USC Football Practice Notes: Stephen Carr returns to action (10/31)

Harry How/Getty Images
Harry How/Getty Images /

Running back Stephen Carr was back in action after four weeks on the sidelines, plus more news from USC Football practice on Tuesday.

It was a long time coming, but freshman running back Stephen Carr finally got a shot to practice on Tuesday, ahead of USC’s pivotal Pac-12 South matchup with Arizona.

Carr missed four weeks because of a foot injury he suffered at the end of September against Washington State. Last week he was back on the field running for the first time on the injury. This week, he’s back in the mix with the team.

In fact, he was healthy enough to catch a short pass during the 7-on-7 period and pull a spin move on a defender. The question now is whether he’ll be well enough on Wednesday to continue his progression towards the weekend.

“He looked good today. I don’t know how he’ll feel in the morning being the first day that he’s done as much as he did today,” offensive coordinator Tee Martin said. “Hopefully barring any kind of setback, we’ll have him.”

While both head coach Clay Helton and Martin took more of a wait-and-see approach for the running back, Carr himself was bullish about his chances to play on Saturday.

“I think I can handle whatever they give me,” Carr said after practice.

The Trojans will certainly hope Carr can make it through the week without any trouble. Though the Trojans boast strong running back depth, few backs possess the skillset of the former five-star talent.

“Early in the season he was so dynamic, not only as a runner but what he was able to do catching the ball,” Helton said. That’s an element USC could use as they ready to face a high-powered Arizona offense.

Tackling the problem

Tackling was a problem against Notre Dame, but the Trojans turned that problem into a strength against ASU.

“I thought we very much improved last week, especially out in space,” Helton said. “Definitely a step forward from Notre Dame to Arizona State.”

The coaches reinforced tackling technique ahead of the trip to Tempe, reminding players of the importance of wrapping up and running you feet through the tackle, Helton said. He also noted the way USC gang tackled and kept their rush lanes against the Sun Devils.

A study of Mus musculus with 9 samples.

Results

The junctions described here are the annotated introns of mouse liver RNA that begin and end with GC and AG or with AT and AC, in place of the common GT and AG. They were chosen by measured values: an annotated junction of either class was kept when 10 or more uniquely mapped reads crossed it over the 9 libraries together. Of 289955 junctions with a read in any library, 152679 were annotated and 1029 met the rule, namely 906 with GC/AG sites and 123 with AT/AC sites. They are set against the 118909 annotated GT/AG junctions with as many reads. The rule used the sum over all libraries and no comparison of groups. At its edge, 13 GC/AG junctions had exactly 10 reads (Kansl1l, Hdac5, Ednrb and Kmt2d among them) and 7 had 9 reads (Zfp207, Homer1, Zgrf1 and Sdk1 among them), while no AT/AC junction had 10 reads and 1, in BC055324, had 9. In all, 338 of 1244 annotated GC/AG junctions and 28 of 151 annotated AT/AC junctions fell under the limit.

“I thought our pursuit was excellent last game,” he said. “You saw a lot of guys around the quarterback.”

To tempo or not to tempo

The Trojans picked up the pace at times against ASU, prompting some questions about why USC doesn’t use tempo more often.

Quarterback Sam Darnold noted the effectiveness of the strategy, especially as the opposing defense gets tired, but don’t expect to see uptempo play to become a hallmark of the Trojan offense.

“It’s tough sometimes because myself and the coaches want to see what they’re doing defensively,” Darnold said.

Ideally, the Trojans take the time to examine the opposing defense early in the game before opening things up with pace.

“It’s one of those things that you do when you feel them start to get tired and push the pace a little bit,” Darnold said.

Turnover turnaround

For the first time in 2017, USC committed just one turnover in a game. That was a major shift for the Trojans, who had committed three turnovers in each of the previous three games. The scoreboard reflected the improvement.

“We’ve been saying it all year, when we don’t do that, we’re a really good offense that can score a lot of points and we got a chance to see that on Saturday,” offensive coordinator Tee Martin said.


“I hate to say it but when I’m trying to scramble, making a play and someone comes from behind and strips the ball, it’s just part of the game and you’ve got to move on,” he said.

The key is keeping that example singular.

The look on his face

Martin had a feeling Ronald Jones II would have a memorable night in Tempe. He could see it on the running back’s face.

“He had a look on his face on Saturday morning.” Martin said. “That’s that look that he usually has when he goes off. He had it on his mind to have a big game and he did well.”

With 216 yards and two touchdowns, becoming the first Trojan to have two runs of longer than 60 yards in a game since Reggie Bush, Jones II probably did better than well.

The human highlight reel


Vaughns’ highlights didn’t end on the weekend either. Many of the redshirt freshman’s most impressive catches of the season have come on the practice field, where he has delivered some truly spectacular grabs.

On Tuesday, that trend continued as Vaughns provided the play of the day once again.